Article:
After reading about Ryan Tucker for the Browns getting suspended for four games for steroid use, I got to thinking; why aren't there bigger steroid issues in the press about the NFL? When anyone mentions the MLB, the next sentence is usually about that leagues problems with the illegal substance, especially regarding Barry Bonds and his slow march toward Hank Aaron. Yet, when someone in the NFL is caught, there's one headline, a little mention on Sportcenter, then, nothing.
Take Shawne Merriman for the Chargers. Last year he was caught; no allegations, no controversy, caught. What happened? Four game suspension and awarded an All-Pro and All-star game spot. Then, nothing more was said. We don't hear about it, the press doesn't talk about it, and the fans generally accept it. Is this because we're talking about the NFL? Probably the biggest sport league in the US? Absolutely.
The NFL has become so big and awards so many different people with huge sums of cash, that it is allowed these black marks and continue on without controversy. I'm not complaining, I love football and the NFL, it just amazes me. On the flip side of sports, the MLB and its players have been put before Congress, interviews with men with and without subpeonas for them to talk about all things related, and a slew of nasty rumors and allegations from past and present players. Where exactly did the MLB go wrong?
In my opinion, it is because as fans, we understand that football is a game that has been bred of steroids. To be bigger, faster, stronger -- meaner, aggresive, unrelenting. That is what makes the game so much fun to watch. Our very own version of the Greeks' and Romans' gladiators. Without steroids, the game probably wouldn't be where it is today. And that's the problem with baseball. So many of the biggest records in the sport were set back in time that was without huge, beefy players. Didn't have men throwing the ball in the upper nineties consistently. It was set with talent and skill. Todays players are just as talented and just as skilled as the past, our generations have just had the luxury of being able to pay someone to design a drug that will make them three to four times better. I'm sure that there were men in the past that used steroids, or a watered down version of them, but they were in no way as effective as what we have now.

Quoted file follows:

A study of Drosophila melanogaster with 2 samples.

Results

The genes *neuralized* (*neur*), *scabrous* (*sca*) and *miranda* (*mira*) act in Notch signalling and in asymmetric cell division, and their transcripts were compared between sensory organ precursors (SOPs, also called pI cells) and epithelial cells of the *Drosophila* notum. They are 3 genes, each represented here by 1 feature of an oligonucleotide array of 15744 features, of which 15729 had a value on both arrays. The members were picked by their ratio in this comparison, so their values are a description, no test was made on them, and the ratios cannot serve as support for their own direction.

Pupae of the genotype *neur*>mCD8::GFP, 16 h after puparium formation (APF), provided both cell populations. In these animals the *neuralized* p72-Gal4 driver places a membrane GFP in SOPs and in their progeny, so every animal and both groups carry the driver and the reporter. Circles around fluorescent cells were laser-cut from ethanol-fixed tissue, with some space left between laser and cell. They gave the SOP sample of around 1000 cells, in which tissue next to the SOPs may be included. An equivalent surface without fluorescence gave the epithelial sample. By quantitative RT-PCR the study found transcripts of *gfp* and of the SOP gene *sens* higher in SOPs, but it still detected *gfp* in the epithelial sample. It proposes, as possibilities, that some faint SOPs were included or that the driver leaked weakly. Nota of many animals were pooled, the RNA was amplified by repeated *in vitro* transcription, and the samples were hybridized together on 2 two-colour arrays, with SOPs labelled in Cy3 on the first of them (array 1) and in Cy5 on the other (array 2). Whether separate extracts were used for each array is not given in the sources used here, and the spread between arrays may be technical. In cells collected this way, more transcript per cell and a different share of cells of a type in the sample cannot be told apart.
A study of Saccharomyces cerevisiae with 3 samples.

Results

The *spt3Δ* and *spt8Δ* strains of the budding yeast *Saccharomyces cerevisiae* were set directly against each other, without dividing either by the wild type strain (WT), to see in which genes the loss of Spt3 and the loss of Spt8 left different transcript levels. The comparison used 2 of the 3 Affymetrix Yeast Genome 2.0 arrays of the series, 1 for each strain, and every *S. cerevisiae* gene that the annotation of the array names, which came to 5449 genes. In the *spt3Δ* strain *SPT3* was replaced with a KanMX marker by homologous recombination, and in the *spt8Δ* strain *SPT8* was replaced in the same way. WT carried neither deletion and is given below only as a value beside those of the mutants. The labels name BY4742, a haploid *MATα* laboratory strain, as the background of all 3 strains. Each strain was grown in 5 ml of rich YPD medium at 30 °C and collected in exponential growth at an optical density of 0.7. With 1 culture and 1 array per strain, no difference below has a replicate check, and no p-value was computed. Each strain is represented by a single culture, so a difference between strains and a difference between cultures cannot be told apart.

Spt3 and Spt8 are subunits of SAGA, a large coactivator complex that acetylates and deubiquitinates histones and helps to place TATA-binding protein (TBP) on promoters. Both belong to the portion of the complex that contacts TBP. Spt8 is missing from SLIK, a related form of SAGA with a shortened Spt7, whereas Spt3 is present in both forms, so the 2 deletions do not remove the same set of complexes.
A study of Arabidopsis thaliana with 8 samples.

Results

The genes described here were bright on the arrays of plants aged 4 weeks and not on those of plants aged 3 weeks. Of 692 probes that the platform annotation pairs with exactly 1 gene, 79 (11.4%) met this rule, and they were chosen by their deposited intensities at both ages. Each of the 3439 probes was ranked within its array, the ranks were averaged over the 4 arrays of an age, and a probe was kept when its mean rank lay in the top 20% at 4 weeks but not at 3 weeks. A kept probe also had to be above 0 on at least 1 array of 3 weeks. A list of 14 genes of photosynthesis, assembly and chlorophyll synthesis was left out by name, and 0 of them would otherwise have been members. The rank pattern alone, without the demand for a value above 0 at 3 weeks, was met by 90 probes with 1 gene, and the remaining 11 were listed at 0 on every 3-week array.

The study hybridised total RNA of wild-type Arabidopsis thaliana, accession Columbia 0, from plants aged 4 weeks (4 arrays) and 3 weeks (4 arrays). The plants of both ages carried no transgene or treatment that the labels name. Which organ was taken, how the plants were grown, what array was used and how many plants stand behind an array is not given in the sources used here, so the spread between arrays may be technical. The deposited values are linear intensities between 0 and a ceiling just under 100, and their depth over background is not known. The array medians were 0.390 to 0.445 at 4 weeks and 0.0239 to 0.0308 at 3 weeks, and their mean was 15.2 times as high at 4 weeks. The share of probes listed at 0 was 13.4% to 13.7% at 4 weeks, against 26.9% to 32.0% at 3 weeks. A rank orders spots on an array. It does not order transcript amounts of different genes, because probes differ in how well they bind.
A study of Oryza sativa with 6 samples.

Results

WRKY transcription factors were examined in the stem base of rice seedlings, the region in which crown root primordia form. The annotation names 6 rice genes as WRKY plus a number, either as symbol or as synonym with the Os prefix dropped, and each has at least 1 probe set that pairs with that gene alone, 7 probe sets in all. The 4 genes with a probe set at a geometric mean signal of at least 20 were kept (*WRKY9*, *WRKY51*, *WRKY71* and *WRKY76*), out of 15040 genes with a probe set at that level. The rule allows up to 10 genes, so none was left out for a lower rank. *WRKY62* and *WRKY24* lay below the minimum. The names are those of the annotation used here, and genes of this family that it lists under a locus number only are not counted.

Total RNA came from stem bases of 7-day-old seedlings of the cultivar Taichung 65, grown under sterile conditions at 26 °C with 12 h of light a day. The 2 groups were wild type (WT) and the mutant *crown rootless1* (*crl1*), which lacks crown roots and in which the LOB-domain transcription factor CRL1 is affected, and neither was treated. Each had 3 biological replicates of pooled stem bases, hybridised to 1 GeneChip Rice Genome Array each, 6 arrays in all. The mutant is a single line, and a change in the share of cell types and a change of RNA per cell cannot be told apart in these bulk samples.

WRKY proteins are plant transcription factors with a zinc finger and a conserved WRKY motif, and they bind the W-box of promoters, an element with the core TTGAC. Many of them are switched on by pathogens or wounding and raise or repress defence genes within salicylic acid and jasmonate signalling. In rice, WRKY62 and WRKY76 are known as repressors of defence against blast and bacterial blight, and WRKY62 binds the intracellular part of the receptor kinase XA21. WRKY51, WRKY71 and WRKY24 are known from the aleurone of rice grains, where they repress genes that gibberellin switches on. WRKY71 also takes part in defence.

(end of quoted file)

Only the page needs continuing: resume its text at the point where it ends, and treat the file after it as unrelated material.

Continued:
Here's my suggestion. Sports should do away with handling the consequences of testing positive for steroids, if caught, the person should have to be turned over to the authorities for using such methods. Steroids and anything in the same catergory are a class 3 drug -- the same as cocaine, heroin, and marijuana. If someone in the general populace is caught with these types of drugs, there is no suspension, but there will be jail-time. Maybe the threat of having to spend time behind bars instead of standing on the sidelines would help to curb what is happening. But probably not.